By Jonathan Easley - 01-28-15 14:57 PM EST
2012 GOP nominee Mitt Romney will begin building a case against Hillary Clinton in a speech at Mississippi State University on Wednesday evening as he mulls his own 2016 bid.
According to prepared remarks obtained by The Hill, Romney will attack the former secretary of State as clueless on foreign policy, out of touch on the economy, and will seek to tie the Democratic front-runner to President Obama’s record.
“Secretary of State Hillary Clinton cluelessly pressed a reset button for Russia, which smiled and then invaded Ukraine, a sovereign nation,” Romney will say.
His supporters believe that he’s been proven right on a host of issues that will be pertinent to voters who have buyer’s remorse with Obama, particularly on foreign policy. In 2012, Democrats mocked Romney for calling Russia the country's No. 1 geopolitical foe, but Republicans now argue his remarks were prescient.
His Wednesday speech will focus heavily on foreign policy and what he says are the failures of Clinton and Obama abroad.
“The president's dismissal of real global threats in his State of the Union address was naive at best and deceptive at worst,” Romney will say.
He’ll also accuse Obama being afraid to confront the dangers of radical Islam.
“Hundreds and perhaps thousands were slaughtered by radical jihadists,” Romney will say. “ISIS represents a new level of threat given its oil revenues, vast territory, and ability to recruit even in the West. I don't know how the President expects to defeat the jihadists if he won't even call them what they are.”
Romney is considering a third consecutive run for president. The news has been received coolly by many in the GOP, but he’s near the top of many polls, and he remains a looming establishment figure with considerable fundraising resources and a high profile.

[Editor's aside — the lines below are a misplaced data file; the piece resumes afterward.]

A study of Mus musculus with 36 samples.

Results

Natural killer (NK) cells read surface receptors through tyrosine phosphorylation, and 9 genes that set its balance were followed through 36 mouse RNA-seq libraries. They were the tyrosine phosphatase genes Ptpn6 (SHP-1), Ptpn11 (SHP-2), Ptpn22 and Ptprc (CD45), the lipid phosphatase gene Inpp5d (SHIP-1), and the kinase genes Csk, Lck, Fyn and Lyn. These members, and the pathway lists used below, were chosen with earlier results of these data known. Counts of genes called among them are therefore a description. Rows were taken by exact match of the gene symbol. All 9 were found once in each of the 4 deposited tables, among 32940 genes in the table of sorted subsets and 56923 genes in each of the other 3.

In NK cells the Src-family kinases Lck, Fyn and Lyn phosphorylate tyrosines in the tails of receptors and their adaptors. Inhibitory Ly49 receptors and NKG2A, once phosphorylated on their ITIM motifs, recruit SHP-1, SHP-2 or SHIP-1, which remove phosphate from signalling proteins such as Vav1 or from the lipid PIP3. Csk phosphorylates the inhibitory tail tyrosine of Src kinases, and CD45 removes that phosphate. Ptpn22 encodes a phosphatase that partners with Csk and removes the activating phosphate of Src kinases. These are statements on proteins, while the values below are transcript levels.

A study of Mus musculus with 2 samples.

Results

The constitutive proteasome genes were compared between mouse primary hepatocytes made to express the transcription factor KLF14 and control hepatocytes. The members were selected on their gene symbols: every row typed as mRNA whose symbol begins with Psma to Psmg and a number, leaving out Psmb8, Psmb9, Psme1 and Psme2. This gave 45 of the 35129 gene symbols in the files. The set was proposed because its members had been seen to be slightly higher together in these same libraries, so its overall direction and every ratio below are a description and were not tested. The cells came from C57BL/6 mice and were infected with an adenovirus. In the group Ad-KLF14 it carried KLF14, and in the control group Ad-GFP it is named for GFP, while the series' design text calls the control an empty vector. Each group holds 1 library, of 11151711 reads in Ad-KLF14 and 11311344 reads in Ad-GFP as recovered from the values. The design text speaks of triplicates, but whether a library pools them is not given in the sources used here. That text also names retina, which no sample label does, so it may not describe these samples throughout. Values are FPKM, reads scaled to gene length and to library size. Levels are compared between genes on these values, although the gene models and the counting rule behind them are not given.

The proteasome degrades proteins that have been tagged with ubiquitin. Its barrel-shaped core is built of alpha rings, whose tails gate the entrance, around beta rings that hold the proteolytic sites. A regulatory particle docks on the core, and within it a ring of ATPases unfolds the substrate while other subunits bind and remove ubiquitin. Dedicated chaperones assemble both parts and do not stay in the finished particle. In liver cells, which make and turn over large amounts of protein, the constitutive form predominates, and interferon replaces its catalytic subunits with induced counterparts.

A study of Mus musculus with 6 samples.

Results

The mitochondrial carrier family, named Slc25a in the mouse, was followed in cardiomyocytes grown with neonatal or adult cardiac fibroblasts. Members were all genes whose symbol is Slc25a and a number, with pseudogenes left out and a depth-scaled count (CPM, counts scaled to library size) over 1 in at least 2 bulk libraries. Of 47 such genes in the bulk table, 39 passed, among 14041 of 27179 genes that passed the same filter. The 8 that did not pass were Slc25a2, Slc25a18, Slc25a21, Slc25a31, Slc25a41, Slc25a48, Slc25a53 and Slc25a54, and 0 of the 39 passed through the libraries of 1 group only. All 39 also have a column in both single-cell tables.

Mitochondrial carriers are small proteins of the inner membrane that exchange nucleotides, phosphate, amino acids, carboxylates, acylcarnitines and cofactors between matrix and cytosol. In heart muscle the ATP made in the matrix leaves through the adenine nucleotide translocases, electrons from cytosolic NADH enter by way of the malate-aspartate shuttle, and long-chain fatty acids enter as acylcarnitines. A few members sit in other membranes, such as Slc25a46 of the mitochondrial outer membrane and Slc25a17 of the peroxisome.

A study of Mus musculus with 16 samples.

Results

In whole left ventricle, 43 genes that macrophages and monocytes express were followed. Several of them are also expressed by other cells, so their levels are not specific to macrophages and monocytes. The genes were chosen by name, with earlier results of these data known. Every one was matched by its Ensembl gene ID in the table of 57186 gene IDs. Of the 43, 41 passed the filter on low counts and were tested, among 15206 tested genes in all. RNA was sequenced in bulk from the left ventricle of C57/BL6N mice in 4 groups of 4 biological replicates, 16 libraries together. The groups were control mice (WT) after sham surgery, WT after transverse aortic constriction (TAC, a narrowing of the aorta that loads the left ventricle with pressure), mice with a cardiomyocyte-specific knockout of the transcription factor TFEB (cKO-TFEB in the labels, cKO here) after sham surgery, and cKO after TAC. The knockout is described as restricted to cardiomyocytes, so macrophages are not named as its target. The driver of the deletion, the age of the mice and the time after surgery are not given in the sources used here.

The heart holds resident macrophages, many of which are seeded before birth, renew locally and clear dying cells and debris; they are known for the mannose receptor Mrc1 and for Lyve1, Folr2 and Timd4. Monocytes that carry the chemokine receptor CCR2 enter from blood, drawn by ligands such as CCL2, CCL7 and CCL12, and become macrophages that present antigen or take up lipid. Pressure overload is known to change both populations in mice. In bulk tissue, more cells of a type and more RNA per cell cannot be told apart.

He appears committed to reversing the narrative that dogged his 2012 campaign, when Democrats painted him as a wealthy financier who is out of touch with the working class.
“We need a president who will do what it takes to bring more good paying jobs to the placement offices of our college campuses,” Romney will say.
“We need to restore opportunity, particularly for the middle class. … How can Secretary Clinton provide opportunity for all if she doesn't know where jobs come from in the first place?” he’ll ask.
That’s an apparent jab at remarks Clinton made at a Boston rally last year.
"Don’t let anybody tell you that, you know, it's corporations and businesses that create jobs,” Clinton said at the time.
She later clarified the remarks, saying it was meant as a broader attack on corporate welfare.
The former Massachusetts governor will also address what has become a touchstone of many potential GOP contenders early in the campaign cycle — providing a path of upward mobility for the poor.
“We need to lift people out of poverty,” Romney will say. “Almost every week during my campaign, I met folks who had fallen into poverty as result of an unfortunate event, like losing a job. But I also met folks who had been in poverty from generation to generation. These we have to help escape the tragedy and the trap of chronic generational poverty.
That might be Romney’s toughest sell.
In 2012, he was famously caught on tape saying that 47 percent of voters “are dependent upon government” and will not back Republicans.
The comment has been an early focus for many potential GOP contenders, including Sen. Ted Cruz (R-Texas), neurosurgeon Ben Carson, former Sen. Rick Santorum (R-Pa.) and Sen. Rand Paul (R-Ky.), who have argued the GOP needs to be the party of the 47 percent.
“For fifty years and with trillions of dollars, Washington has fought the war on poverty with failed liberal policies,” Romney will say. “They haven't made any headway whatsoever. It's finally time to apply conservative policies that improve America's education system, promote family formation and create good-paying jobs."